Former basketball coach celebrates legacy of President Feaver and long history with Science & Arts
John Hudson’s history with the University of Science & Arts of Oklahoma goes back nearly 50 years, to just after he had earned his law degree from the University of Oklahoma. Since then, he has worked directly for the university, been a member of the Board of Regents and is also a long-time donor to the university.
Hudson went to college on a partial basketball scholarship and worked as a student assistant coach during his last year at Oklahoma Baptist University. While attending law school, he found he wanted to get back into basketball and was hired as a full-time assistant coach at his alma mater. While in that role, he started the university’s first booster club, which is now known as the Bison Athletic Association, as well as a counseling and tutoring program for student athletes.
After graduating from law school and passing the bar exam in 1973, Hudson was not immediately pleased at his prospects for a career in the field. He met Bruce Carter, president of the Oklahoma College of Liberal Arts, as Science & Arts was then known, as he was establishing the first athletics programs at the university and was offered the head basketball coach position at just 23 years old, among the youngest in the nation at the time. He was also assigned teaching responsibilities in political science and established his own law office in Chickasha.
“At the time the university did not have a gym, so we practiced at the high school after they finished practice every day,” said Hudson. “I would teach my political science courses in the morning, then head to my law office and learn how to be a lawyer during the afternoon, then I’d go pick up the team and we would practice until nine or 10 at night.”
Though his first coaching year was not very successful, the following season proved transformative for the university. Hudson convinced Dr. Dex Marble, a professor of history, to become his assistant coach due to his background playing the sport in both high school and at Stanford University. He also coached a young Brisco McPherson, who would go on to be a long-serving member of the Science & Arts faculty and a key factor in the success of the athletics program. In 1975, the NAIA named Hudson Coach of the Year for Oklahoma District 9 in recognition of the success of his second season.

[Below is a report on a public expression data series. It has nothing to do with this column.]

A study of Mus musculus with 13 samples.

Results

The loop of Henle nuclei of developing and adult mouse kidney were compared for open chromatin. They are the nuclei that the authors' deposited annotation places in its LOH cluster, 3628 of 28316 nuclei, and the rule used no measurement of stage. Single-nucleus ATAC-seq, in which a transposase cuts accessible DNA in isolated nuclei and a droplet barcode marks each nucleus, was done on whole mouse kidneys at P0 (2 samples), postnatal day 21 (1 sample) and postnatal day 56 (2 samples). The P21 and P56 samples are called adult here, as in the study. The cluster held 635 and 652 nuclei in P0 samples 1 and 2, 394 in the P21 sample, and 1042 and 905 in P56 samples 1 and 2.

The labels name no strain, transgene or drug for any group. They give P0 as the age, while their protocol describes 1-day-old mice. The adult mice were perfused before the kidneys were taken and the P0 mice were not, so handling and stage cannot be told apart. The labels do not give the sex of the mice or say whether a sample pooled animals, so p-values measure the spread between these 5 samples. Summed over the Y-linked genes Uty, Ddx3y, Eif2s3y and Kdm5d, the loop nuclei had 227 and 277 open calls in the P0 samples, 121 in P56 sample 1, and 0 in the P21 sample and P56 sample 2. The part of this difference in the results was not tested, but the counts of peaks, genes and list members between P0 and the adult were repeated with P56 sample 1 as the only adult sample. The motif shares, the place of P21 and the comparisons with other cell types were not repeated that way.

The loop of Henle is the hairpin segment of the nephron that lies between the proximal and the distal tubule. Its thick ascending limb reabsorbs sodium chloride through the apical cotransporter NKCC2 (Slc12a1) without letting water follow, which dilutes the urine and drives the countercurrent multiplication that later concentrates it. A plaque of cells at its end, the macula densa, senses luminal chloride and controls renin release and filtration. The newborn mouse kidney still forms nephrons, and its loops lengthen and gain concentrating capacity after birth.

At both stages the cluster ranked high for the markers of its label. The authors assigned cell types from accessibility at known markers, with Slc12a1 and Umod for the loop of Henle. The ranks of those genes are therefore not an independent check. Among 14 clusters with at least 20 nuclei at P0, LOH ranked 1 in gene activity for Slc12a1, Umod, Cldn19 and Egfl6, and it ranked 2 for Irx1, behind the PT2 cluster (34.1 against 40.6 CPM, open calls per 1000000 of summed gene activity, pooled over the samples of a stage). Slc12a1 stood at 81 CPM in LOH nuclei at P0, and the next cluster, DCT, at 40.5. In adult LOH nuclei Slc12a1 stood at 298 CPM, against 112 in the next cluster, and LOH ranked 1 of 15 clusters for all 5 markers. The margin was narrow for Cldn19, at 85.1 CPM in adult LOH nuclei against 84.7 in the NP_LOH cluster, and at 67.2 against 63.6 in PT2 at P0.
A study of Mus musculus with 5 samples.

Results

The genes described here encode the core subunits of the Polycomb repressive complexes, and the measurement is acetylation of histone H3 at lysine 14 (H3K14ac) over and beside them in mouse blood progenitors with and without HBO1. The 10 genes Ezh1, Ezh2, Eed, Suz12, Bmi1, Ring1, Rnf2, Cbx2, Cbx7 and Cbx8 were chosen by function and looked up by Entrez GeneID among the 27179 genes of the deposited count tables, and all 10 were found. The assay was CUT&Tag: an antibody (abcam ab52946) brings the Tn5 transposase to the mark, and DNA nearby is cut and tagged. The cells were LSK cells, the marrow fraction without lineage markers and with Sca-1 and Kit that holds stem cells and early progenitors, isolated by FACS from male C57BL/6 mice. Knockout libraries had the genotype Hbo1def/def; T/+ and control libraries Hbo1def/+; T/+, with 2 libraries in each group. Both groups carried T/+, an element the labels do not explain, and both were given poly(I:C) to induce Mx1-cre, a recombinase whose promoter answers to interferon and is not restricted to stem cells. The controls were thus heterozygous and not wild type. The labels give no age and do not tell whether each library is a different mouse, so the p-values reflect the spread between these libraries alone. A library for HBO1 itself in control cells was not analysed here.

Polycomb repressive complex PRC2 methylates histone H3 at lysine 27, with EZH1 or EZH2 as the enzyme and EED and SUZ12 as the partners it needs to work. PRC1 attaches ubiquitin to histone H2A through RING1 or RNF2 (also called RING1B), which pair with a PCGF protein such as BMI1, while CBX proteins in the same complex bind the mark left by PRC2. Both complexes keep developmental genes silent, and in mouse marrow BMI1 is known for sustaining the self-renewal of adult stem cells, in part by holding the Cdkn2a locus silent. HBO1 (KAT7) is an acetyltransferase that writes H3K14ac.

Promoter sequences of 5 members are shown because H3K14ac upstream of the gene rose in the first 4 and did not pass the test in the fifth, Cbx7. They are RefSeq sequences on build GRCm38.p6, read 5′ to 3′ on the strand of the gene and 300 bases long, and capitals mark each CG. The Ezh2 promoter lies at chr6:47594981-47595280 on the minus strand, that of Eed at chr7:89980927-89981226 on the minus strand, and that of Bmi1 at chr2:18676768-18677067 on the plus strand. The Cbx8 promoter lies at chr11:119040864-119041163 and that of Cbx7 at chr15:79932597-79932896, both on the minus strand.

That same year, Hudson’s law practice had grown sufficient enough for him to leave his position at the university, but just two years later, then Governor David Boren called to ask if he would serve on its governing Board of Regents. His seven-year term under President Roy Troutt included the hiring of a history professor who had been working at OU, Dr. John Feaver, in 1980.
“He would have been a top professor anywhere, and he was already getting that type of recognition at OU,” said Hudson. “Hiring him was one of the biggest accomplishments while I was on the Board of Regents. He was the right person at the right time with the right demeanor, and he has always hired the right people to get the job done.”
Having watched his development over the next two decades, his inauguration as president in 2000 was the obvious choice in Hudson’s eyes. Beyond Feaver’s own exceptional skills as both an educator and administrator, Hudson notes that one of his most important qualities is how he deflects praise in order to give credit to the people around him. This has helped Science & Arts build a strong sense of community, which has allowed it to survive turbulence over the years that would have caused other institutions considerably more hardship.
As Feaver prepares to retire from the presidency, his more than four decades with the school has helped Science & Arts truly stand out as Oklahoma’s public liberal arts university. From its groundbreaking interdisciplinary education to its historic campus and vibrant student life, much of this success can be traced directly back to President Feaver’s leadership and the team he has built.
“The school would not be what it is today without John Feaver. There is no way you cannot appreciate how good he is,” said Hudson. “Science & Arts has been fortunate to have had him for so many years.”